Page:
If you have type 2 diabetes, chances are you take medicine to help manage it, along with lifestyle steps such as following your doctor’s recommendations on nutrition and physical activity. Many diabetes drugs lower blood sugar in different ways. Some help your body make better use of insulin, the hormone that helps your body manage your blood sugar.
Getting More Glucose Into Cells
Two types, or classes, of diabetes drugs make your cells more open or sensitive to insulin. These medications are biguanides and thiazolidinediones (TZDs).
The only drug in this class is called metformin (Glucophage, Glucophage XR, Riomet). It’s usually the first drug that doctors recommend. Metformin lowers blood sugar (glucose) because it helps insulin work better. This means more sugar leaves your blood and enters your cells. Metformin also lowers the amount of glucose your liver makes so there’s less in your bloodstream.
Unlike with some diabetes pills, weight gain isn’t a typical side effect. You might even shed a few pounds. Metformin may also help prevent heart attacks. Plus, it won’t break the bank. Sixty 500-milligram (mg) tabs cost about $4.
Metformin comes in three forms: immediate-release pills, extended-release pills, and a liquid. You take immediate-release pills and liquid twice a day, with breakfast and dinner. You take extended-release pills once a day. Your dose depends on how well you do on them. You’ll likely start with a low dose and work up slowly.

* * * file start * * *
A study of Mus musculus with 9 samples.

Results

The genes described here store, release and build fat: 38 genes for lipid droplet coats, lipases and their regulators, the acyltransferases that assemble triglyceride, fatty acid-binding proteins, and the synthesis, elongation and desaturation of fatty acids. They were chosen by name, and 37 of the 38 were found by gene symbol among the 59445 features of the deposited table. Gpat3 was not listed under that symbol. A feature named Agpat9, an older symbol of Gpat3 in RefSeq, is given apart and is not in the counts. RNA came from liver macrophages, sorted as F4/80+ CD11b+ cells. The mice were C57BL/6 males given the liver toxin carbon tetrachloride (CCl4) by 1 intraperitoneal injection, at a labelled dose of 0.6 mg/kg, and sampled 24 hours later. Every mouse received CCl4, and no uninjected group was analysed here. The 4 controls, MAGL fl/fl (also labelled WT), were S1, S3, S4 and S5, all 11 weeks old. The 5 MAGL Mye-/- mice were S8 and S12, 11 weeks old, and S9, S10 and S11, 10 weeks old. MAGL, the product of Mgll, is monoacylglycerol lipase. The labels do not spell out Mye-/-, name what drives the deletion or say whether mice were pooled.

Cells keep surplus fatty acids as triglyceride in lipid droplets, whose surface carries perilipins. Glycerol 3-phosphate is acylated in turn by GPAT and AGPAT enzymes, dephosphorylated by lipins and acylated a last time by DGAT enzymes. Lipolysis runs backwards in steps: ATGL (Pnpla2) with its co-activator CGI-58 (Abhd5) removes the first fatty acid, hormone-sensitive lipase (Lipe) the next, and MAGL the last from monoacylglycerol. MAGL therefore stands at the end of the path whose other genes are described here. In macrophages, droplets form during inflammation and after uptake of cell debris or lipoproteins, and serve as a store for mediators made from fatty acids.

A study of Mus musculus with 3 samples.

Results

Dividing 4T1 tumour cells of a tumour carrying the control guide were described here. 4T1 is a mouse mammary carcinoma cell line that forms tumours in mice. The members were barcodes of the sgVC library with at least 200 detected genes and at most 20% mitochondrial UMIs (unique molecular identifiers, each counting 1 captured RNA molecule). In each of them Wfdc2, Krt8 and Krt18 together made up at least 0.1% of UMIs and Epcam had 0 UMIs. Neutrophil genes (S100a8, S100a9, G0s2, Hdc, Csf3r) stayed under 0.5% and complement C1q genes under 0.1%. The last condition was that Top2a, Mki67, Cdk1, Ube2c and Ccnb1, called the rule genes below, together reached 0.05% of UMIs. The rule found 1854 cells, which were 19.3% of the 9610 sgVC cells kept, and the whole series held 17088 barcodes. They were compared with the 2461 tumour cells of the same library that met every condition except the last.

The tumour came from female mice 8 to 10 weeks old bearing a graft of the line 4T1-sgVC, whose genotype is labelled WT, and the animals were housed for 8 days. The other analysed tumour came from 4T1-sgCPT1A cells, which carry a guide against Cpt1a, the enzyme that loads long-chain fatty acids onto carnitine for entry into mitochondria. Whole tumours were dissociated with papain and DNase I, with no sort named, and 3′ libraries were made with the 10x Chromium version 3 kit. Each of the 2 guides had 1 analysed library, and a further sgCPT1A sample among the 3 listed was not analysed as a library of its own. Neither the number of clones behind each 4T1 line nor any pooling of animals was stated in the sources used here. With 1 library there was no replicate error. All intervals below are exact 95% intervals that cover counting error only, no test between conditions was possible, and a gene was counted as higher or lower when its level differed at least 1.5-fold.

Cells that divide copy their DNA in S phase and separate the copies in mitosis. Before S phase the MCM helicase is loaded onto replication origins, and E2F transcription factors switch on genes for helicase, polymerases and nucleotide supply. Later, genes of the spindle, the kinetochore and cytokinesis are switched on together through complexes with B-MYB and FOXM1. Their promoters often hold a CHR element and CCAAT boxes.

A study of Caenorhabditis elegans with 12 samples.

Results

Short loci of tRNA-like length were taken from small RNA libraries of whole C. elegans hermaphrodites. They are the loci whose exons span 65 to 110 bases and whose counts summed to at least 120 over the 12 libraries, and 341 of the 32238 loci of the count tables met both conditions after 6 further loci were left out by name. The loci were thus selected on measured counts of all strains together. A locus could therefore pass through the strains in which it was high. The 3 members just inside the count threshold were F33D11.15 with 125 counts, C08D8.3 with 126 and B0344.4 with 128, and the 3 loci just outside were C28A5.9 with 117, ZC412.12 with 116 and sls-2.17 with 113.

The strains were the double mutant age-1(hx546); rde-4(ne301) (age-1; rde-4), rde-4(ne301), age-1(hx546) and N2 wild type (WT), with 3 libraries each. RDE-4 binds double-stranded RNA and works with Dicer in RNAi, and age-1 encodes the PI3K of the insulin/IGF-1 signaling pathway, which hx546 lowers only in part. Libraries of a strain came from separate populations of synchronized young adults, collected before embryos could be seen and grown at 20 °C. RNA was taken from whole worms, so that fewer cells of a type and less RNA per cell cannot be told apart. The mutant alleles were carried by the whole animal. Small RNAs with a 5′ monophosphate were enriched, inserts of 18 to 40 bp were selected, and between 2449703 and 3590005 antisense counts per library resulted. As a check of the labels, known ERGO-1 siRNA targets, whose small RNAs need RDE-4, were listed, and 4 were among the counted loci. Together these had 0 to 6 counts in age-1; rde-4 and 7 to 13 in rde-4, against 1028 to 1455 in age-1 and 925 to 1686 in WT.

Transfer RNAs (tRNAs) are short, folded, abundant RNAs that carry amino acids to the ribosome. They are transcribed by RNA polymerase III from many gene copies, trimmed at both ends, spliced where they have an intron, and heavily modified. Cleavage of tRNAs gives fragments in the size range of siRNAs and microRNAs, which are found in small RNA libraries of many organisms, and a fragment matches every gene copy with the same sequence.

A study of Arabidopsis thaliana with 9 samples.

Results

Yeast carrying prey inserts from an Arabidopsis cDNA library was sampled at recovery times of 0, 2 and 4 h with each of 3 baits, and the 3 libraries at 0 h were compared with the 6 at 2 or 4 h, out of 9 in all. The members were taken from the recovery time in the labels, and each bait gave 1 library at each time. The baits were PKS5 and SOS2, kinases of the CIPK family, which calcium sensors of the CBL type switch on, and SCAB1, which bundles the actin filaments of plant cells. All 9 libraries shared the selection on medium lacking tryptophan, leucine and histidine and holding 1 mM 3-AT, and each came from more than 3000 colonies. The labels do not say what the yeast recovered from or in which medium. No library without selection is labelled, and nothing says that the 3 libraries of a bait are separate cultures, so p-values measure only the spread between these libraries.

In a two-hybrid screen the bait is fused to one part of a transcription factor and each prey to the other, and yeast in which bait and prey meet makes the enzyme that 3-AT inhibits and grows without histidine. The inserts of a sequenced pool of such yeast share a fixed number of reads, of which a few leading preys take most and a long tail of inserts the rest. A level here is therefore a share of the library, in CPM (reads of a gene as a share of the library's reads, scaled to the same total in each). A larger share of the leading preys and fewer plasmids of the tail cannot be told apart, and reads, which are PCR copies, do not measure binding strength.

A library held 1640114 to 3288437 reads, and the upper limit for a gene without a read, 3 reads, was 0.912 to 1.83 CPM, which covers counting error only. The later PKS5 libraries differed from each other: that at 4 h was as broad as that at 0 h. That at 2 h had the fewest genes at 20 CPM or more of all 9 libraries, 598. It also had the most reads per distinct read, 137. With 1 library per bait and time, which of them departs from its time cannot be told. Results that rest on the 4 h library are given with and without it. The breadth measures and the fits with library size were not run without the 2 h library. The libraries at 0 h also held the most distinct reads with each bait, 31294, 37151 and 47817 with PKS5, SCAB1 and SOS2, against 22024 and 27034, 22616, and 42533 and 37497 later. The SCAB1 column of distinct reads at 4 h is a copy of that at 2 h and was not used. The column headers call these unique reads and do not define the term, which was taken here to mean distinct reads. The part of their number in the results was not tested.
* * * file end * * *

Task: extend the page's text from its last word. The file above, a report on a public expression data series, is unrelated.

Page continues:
You shouldn’t take metformin if you have advanced kidney disease, type 1 diabetes, or are an older adult with prediabetes. As with any new treatment, talk about the benefits and risks with your doctor before you start taking it.
Metformin can cause diarrhea, nausea, vomiting, and belly pain. These symptoms usually get better, as your body adjusts to the medicine, but can last longer. It’s important to take your meds with your first bite of food. Switching to extended-release tabs may help, too.
It’s rare, but metformin can also cause a life-threatening problem called lactic acidosis. Symptoms include cramps, nausea, weakness, and fast breathing. If you think you have lactic acidosis, get emergency care right away.
There are two drugs in this class: pioglitazone (Actos) and rosiglitazone (Avandia). They help your cells use insulin better and lower the amount of glucose your liver makes. If you have a history of congestive heart failure, you shouldn’t take this kind of medication because it could worsen that condition. Doctors usually consider prescribing metformin before considering TZDs.
With pioglitazone, your doctor will probably first prescribe a low daily dose: around 15 mg. Your doctor may raise the dose slowly to 30 or 45 mg a day. You’ll take tests to see how well your liver is working before and during treatment.
If your doctor prescribes rosiglitazone, your prescription may be for 4-mg or 8-mg tablets once a day or divided and taken twice a day.